David Daleiden: Planned Parenthood Claim That Videos Were Edited Is an 'Attempt to Distract'

By Susan Jones | January 22, 2016 | 10:27 AM EST

A screenshot from one of the undercover videos, shot by the Center for Medical Progress, showing a Planned Parenthood official discussing the harvesting and price of aborted baby body parts.

(CNSNews.com) - David Daleiden, the man behind the undercover videos that showed Planned Parenthood officials putting prices on the body parts of aborted babies, says it is "disingenuous" for Planned Parenthood to say that those videos were edited to mislead.

Daleiden noted that it's been six month since the Center for Medical Progress, which he founded, began releasing the first videos showing what goes on at the nation's largest abortion provider.

"And Planned Parenthood still has yet to tell us exactly how much money they have received from companies like Stem Express in exchange for harvesting fetal tissue; they have yet to explain why one of their chief medical officers was endorsing a Stem Express advertisement for financial benefits to the clinics for supplying the fetal tissue; and they have yet to explain why their senior director of medical services was talking about flipping a baby into a feet-first position on ultrasound in order to harvest more intact fetal organs.

"So I think that the talking point from Planned Parenthood that the tapes are edited, by which they mean to insinuate that they're doctored -- it's a really disingenuous talking point, and it's really an attempt to distract from what's on the tapes, because they can't deny what's there."

Daleiden said more videos are in production and will come out soon.

He also noted that although there have been no indictments or prosecutions as a result of his undercover investigation, "there certainly are ongoing state and federal and local criminal investigations, and we'll see what comes of those in the next year."

Asked about the personal impact of the professional path he's taken, Daleiden indicated that it's about right and wrong.

He said it might surprise people to know that he went to public schools in California: "We grew up learning about grave human rights injustices of the past -- slavery, the Holocaust, and also the brave people who fought against them -- the civil rights movement, abolitionist William Wilberforce and the Underground Railroad.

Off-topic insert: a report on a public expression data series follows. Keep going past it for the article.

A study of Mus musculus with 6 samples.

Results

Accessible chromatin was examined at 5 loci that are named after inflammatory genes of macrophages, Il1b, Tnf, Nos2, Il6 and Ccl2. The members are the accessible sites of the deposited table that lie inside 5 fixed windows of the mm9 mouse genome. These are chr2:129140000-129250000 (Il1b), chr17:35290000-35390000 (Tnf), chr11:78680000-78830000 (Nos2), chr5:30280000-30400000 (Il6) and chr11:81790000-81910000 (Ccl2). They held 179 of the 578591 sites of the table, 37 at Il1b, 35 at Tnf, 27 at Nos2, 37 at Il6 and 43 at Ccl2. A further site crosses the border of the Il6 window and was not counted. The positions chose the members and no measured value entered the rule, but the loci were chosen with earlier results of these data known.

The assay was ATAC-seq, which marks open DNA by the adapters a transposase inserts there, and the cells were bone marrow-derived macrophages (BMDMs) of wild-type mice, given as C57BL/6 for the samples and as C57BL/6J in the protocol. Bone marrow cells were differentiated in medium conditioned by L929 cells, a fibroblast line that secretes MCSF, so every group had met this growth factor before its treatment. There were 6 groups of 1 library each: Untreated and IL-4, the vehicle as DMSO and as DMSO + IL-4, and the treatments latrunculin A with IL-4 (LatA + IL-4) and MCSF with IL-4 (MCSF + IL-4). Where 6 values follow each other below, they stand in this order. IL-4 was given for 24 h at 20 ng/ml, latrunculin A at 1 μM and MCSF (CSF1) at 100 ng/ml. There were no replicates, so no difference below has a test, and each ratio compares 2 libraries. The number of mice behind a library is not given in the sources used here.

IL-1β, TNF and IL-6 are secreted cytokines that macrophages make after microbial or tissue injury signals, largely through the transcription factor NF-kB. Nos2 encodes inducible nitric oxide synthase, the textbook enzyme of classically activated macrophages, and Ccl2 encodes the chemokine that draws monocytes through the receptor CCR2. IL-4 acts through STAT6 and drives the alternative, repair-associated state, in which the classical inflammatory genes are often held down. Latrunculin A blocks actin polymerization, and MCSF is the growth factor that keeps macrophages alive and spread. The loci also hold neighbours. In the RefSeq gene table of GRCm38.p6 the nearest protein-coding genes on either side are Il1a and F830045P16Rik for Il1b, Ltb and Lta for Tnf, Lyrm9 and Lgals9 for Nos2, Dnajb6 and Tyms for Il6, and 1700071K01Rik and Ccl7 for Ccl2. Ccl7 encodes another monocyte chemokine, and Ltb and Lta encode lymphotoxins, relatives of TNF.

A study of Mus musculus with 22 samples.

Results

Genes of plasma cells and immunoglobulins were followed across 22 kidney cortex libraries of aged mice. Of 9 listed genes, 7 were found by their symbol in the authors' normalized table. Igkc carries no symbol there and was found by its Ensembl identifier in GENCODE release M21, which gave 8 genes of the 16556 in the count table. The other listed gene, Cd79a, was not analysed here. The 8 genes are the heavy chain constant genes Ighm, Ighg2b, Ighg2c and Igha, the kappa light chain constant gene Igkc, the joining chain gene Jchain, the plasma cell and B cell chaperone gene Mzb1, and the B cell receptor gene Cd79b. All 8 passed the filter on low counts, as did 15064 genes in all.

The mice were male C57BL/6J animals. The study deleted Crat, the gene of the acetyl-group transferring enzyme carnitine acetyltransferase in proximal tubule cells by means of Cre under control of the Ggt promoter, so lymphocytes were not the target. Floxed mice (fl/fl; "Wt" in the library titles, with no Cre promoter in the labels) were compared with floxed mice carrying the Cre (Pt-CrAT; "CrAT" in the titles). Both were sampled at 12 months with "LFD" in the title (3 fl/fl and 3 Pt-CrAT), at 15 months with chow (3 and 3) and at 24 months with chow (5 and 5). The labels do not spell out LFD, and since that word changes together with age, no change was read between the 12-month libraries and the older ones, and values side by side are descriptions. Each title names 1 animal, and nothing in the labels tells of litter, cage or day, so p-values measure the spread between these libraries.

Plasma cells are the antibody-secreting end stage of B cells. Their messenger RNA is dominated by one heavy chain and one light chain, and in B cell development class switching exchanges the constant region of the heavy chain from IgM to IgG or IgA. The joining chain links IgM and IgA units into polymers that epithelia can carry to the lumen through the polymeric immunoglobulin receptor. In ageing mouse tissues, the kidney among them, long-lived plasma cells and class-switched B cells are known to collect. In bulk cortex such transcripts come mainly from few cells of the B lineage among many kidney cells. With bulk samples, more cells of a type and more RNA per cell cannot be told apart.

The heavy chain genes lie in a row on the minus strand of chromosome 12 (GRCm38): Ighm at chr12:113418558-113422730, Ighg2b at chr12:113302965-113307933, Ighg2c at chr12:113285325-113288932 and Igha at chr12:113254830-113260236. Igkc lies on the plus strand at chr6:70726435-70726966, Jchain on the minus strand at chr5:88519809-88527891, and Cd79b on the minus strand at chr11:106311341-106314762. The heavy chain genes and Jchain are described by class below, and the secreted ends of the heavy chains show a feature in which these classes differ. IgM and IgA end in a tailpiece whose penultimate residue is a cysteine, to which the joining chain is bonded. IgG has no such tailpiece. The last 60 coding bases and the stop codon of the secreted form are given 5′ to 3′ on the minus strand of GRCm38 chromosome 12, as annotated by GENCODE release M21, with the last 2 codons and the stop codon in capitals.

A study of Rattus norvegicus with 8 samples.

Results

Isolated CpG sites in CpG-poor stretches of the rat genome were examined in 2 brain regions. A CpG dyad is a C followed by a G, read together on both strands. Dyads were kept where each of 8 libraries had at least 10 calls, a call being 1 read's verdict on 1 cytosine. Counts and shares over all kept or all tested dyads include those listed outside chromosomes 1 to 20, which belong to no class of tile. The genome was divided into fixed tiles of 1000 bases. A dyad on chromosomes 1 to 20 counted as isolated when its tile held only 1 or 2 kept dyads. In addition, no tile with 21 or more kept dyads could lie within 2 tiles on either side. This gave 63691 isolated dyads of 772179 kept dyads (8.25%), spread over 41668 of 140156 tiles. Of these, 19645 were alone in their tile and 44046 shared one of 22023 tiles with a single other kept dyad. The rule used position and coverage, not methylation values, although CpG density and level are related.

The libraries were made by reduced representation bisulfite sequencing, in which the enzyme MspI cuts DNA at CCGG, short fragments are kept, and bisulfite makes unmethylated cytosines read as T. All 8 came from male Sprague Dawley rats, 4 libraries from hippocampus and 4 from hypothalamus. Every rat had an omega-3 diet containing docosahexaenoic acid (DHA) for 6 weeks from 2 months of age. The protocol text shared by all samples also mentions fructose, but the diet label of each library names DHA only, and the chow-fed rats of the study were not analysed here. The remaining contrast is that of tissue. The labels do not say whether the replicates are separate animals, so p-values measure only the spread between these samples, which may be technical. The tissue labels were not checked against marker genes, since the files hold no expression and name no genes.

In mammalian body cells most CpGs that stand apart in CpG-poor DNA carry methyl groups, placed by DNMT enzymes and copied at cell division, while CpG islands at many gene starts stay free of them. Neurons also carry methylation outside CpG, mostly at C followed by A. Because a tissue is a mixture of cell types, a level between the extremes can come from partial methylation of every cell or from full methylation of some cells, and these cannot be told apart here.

"And I just remember always thinking, wouldn't you want to be one of the people -- if you lived at a time like that, when something like that was going on -- wouldn't you want to be one of the people who stood up and said this is wrong, and said we don't treat people this way, and shouted it from the rooftops?

"And if you realized something like that was going on today, wouldn't you want to be one of those people who was different?"

Addressing a complaint that pro-life advocates care more about unborn babies than babies who are born into difficult or unfortunate circumstances, Daleiden said, "If we can't have compassion for and respect for and protect the smallest and most innocent children, then there's no way that we're going to be able to effectively take care of or have that same concern for those who are in...less than perfect situations...

"I think that compassion begins with the very smallest and with the ones who are so tiny that there's really nothing they can do to oppress us in any way. I mean, if we can't even have compassion for them, we're not going to have compassion for bigger people."

Daleiden, a Catholic, said he himself is the child of a "crisis pregnancy."

"My parents got pregnant with me their senior year of college, gave birth to me their senior year, and they got married after graduation; And there were people who said that I should be aborted. And I'm here today because their voices didn't win the day.

"So I think that at the end of the day, abortion-- it's not totally correct to say that's just a women's issue, because ultimately this is a human issue."